News

Seven Deadly Sins mobile game marks 50 million downloads

The game has seen huge success as have other titles based on anime. So, what makes them so appealing to players?

Seven Deadly Sins mobile game marks 50 million downloads

The anime-inspired mobile game Seven Deadly Sins: Grand Cross celebrated 50 million downloads according to promotional material shared across a number of sites. Netmarble, the company behind the game adaptation, has also begun a promotional event to mark the milestone.

Seven Deadly Sins: Grand Cross joins a number of anime-inspired titles in the lucrative ‘gacha’ market. As we previously reported, although players of anime games (classified as mimicking the art style of Japanese animation) make up less than 3% of overall users, they account for 20% of total spending according to data.ai.

Big in Japan

The appeal of anime titles can be broken down into a number of components. The simplicity and stylised appeal of the visuals attracts new fans and makes graphic processing less intensive. Utilising existing properties can also entice existing fans who might not otherwise engage with mobile games.

Anime fans have also been primed to spend money by numerous other promotional materials tied to shows and manga (Japanese comics often closely associated with, adapted from or to, anime). Familiarity with figure collecting, promotional events for food and other relatively small campaigns means that anime fans could be more willing to spend relatively often on material tied to their favourite properties.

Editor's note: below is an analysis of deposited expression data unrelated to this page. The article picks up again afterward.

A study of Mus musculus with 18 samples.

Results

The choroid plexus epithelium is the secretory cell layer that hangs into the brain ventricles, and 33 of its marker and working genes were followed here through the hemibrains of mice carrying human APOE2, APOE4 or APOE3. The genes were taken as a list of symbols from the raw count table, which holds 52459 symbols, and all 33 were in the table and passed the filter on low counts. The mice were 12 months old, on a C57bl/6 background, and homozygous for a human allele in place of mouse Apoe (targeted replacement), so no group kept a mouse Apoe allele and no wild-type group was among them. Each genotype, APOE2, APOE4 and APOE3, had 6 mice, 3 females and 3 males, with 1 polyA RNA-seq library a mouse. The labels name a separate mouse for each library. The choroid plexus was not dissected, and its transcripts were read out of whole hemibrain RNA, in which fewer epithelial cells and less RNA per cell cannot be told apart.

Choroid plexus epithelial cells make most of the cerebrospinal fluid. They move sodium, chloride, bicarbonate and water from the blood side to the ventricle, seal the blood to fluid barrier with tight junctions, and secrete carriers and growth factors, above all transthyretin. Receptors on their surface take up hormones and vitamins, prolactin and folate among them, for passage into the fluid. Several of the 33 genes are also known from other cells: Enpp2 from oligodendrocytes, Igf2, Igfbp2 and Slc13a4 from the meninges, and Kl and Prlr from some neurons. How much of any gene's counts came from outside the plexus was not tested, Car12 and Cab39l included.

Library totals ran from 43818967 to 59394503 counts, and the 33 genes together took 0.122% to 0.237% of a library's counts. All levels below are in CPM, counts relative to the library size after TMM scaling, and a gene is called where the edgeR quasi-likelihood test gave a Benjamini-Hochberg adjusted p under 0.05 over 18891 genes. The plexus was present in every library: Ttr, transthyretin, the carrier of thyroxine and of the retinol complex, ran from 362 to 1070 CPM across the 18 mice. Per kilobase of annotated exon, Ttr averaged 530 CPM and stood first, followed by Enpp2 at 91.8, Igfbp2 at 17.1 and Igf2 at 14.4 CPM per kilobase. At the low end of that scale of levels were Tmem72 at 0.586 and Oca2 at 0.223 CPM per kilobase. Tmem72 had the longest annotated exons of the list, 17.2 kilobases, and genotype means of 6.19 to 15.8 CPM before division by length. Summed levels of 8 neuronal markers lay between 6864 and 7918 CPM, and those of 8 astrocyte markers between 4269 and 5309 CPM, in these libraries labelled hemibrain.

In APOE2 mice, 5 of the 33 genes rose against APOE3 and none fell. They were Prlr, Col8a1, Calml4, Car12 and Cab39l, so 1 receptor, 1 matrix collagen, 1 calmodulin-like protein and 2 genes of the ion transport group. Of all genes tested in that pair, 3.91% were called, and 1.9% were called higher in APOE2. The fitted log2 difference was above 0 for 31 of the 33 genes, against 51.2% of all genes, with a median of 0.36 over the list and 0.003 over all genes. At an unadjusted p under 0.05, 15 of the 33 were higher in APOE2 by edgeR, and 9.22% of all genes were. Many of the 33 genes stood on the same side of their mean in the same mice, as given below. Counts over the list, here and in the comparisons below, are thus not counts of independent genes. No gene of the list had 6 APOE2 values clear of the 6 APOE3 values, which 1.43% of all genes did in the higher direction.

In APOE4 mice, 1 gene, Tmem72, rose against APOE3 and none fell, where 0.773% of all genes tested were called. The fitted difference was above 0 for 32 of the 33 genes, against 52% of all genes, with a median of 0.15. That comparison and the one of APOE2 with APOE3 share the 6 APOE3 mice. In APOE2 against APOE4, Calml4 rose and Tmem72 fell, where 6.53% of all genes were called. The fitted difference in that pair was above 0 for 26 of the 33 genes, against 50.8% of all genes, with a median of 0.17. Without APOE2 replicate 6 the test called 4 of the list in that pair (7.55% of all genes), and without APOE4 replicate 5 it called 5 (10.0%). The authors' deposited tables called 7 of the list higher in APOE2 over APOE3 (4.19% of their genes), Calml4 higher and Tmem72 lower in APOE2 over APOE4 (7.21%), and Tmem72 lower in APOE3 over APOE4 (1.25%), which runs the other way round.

Given that publishers such as Shueisha (behind world-famous series such as Dragonball and Naruto) are opening mobile gaming divisions to capitalise on this market, it seems that the main players in the anime and manga industry see potential for growth. As one of the highest grossing mobile games of all time is Fate: Grand Order, based on the popular multimedia franchise, the cosmetics based monetisation of gacha may soon make the leap further into the West.


Staff Writer

Iwan is a Cardiff-based freelance writer, who only occasionally refers to himself in the third person.